The Intergovernmental Panel on Climate Change has issued its latest report assessing the state of the climate and projecting its future. As usual, the media and politicians are exaggerating and distorting the evidence in the report. They lament an allegedly broken climate and proclaim, yet again, that we are facing the “last, best chance” to save the planet from a hellish future. In fact, things aren’t—and won’t be—anywhere near as dire.

The new report, titled AR6, is almost 4,000 pages, written by several hundred government-nominated scientists over the past four years. It should command our attention, especially because this report will be a crucial element of the coming United Nations Climate Change Conference in Glasgow. Leaders from 196 countries will come together there in November, likely to adopt more-aggressive nonbinding pledges to reduce greenhouse-gas emissions.

Previous climate-assessment reports have misrepresented scientific research in the “conclusions” presented to policy makers and the media. The summary of the most recent U.S. government climate report, for instance, said heat waves across the U.S. have become more frequent since 1960, but neglected to mention that the body of the report shows they are no more common today than they were in 1900. Knowledgeable independent scientists need to scrutinize the latest U.N. report because of the major societal and economic disruptions that would take place on the way to a “net zero” world, including the elimination of fossil-fueled electricity, transportation and heat, as well as complete transformation of agricultural methods.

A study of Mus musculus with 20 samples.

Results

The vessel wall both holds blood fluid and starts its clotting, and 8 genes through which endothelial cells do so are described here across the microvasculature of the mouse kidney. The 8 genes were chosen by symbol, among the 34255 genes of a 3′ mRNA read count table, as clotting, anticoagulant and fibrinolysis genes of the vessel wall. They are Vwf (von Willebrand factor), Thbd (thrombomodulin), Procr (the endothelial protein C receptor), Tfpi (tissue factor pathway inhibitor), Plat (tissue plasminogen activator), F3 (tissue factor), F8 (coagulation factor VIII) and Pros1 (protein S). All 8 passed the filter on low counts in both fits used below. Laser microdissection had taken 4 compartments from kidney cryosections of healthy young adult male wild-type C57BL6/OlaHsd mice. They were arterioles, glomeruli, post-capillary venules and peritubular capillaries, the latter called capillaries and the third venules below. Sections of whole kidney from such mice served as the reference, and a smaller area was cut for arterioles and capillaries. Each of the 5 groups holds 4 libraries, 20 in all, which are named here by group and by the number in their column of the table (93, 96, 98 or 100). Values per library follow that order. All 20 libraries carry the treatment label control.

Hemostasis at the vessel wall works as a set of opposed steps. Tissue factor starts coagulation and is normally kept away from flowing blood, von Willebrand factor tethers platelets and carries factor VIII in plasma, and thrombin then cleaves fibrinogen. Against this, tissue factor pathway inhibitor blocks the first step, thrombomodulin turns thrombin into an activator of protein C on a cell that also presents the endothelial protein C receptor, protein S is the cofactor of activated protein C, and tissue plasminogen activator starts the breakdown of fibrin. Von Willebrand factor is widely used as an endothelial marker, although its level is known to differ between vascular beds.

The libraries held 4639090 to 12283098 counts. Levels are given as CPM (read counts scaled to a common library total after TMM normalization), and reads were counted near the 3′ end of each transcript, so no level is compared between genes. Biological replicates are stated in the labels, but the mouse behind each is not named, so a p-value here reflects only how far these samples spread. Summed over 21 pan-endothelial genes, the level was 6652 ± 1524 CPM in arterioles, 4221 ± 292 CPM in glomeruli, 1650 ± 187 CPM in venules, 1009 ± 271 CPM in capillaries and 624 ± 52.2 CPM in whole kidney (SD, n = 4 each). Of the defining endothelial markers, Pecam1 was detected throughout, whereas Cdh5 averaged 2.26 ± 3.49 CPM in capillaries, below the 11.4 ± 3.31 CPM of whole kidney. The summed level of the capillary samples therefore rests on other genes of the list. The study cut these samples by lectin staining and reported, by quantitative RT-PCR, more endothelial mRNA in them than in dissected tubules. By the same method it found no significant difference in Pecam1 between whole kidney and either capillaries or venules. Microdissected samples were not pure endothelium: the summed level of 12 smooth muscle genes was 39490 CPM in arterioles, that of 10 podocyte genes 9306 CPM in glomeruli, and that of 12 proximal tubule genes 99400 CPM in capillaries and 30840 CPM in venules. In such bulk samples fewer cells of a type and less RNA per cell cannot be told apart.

It is already easy to see things in this report that you almost certainly won’t learn from the general media coverage. Most important, the model muddle continues. We are repeatedly told “the models say.” But the complicated computer models used to project future temperature, rainfall and so on remain deficient. Some models are far more sensitive to greenhouse gases than others. Many also disagree on the baseline temperature for the Earth’s surface.

The latest models also don’t reproduce the global climate of the past. The models fail to explain why rapid global warming occurred from 1910 to 1940, when human influences on the climate were less significant. The report also presents an extensive “atlas” of future regional climates based on the models. Sounds authoritative. But two experts, Tim Palmer and Bjorn Stevens, write in the Proceedings of the National Academy of Sciences that the lack of detail in current modeling approaches makes them “not fit” to describe regional climate. The atlas is mainly meant to scare people.